President seals Finland's NATO bid by signing required laws

President seals Finland's NATO bid by signing required laws

President seals Finlands NATO bid by signing required laws

The Finnish president on March 23 formally sealed the Nordic country’s historic bid to join NATO by signing into law the required national legal amendments needed for membership in the Western military alliance.

The move by President Sauli Niinistö means Finland has completed national measures needed to join NATO, and is now just awaiting approval from Türkiye and Hungary, the only two of NATO’s 30 existing members that haven't ratified its bid.

In Türkiye Thursday, a parliamentary committee approved Finland’s NATO application, the state-run Anadolu Agency reported, bringing Helsinki a step closer to joining the alliance.

Members of the Turkish parliament’s committee on foreign affairs voted in favor of Finland’s bid a week after Turkish President Recep Tayyip Erdoğan said his country would move forward with ratifying it.

Finland’s application could be ratified by the full Turkish assembly, where Erdoğan’s party and its allies hold a majority, as early as next week. Türkiye has presidential and parliamentary elections scheduled for May 14, and ratification is expected before that.

Admitting new countries requires unanimous approval from the alliance members, and the parliaments in Ankara and Budapest haven’t yet given the green light.

After delays of several months, the Hungarian parliament is finally expected to approve Finland's accession on March 27.

Finland’s 200-seat Eduskunta legislature endorsed the country’s NATO bid with an overwhelming 184-7 majority on March 1.

Finland and neighboring Sweden applied to become NATO members 10 months ago in the wake of Russia’s invasion of Ukraine, abandoning decades of nonalignment.

This is seen by many experts as one of the biggest geopolitical ramifications of Moscow’s war in Ukraine. Finland's border with Russia runs for a total of 1,340 kilometers (832 miles).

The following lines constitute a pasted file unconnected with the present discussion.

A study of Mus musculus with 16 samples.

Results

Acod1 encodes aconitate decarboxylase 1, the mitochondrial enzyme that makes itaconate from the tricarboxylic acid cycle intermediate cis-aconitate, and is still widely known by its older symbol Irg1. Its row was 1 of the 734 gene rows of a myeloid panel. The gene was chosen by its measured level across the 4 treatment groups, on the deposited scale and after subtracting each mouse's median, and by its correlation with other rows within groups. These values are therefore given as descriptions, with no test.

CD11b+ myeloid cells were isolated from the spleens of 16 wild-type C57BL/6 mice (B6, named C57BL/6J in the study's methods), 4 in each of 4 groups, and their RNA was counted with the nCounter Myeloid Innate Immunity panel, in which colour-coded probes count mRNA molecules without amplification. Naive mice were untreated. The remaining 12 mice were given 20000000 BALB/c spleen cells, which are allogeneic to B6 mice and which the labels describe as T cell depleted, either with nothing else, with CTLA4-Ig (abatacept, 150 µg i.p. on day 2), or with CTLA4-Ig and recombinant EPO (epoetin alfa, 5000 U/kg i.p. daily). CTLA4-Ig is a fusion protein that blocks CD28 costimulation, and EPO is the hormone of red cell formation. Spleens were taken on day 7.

Finland and Sweden, which are close partners culturally, economically and politically, submitted their bids together and planned to enter the alliance at the same time.

Sweden’s accession, however, has stalled due to opposition from Türkiye, and Erdoğan said last week his country wouldn’t ratify membership before disputes between Ankara and Stockholm are solved.

“From the start of this process, Finland was more prepared and determined to meet our country’s sensitivities and expectations,” Türkiye’s Deputy Foreign Minister Burak Akçapar said Thursday, as quoted by Anadolu Agency, explaining the different approach by Ankara to NATO bids by Helsinki and Stockholm.

“We believe that Finland’s membership will strengthen the NATO alliance, contribute to the alliance’s burden-sharing against threats as well as to NATO’s deterrence, to regional security and to our determination to fight terrorism,” he added.

It isn’t clear when Budapest will ratify Stockholm’s bid.

In Brussels, Sweden’s Prime Minister Ulf Kristersson said Thursday he would ask Hungarian Prime Minister Viktor Orbán why Hungary intends to ratify Finland’s NATO application before Sweden’s.

“I will ask the question for what reason they are now announcing that they will separate Sweden from Finland. These are signals that we have not received before,” Kristersson told reporters on the sidelines of a European Union summit.

On Wednesday, Swedish lawmakers overwhelmingly voted in favor of Sweden joining NATO, signing off on the country’s membership along with the required legislation.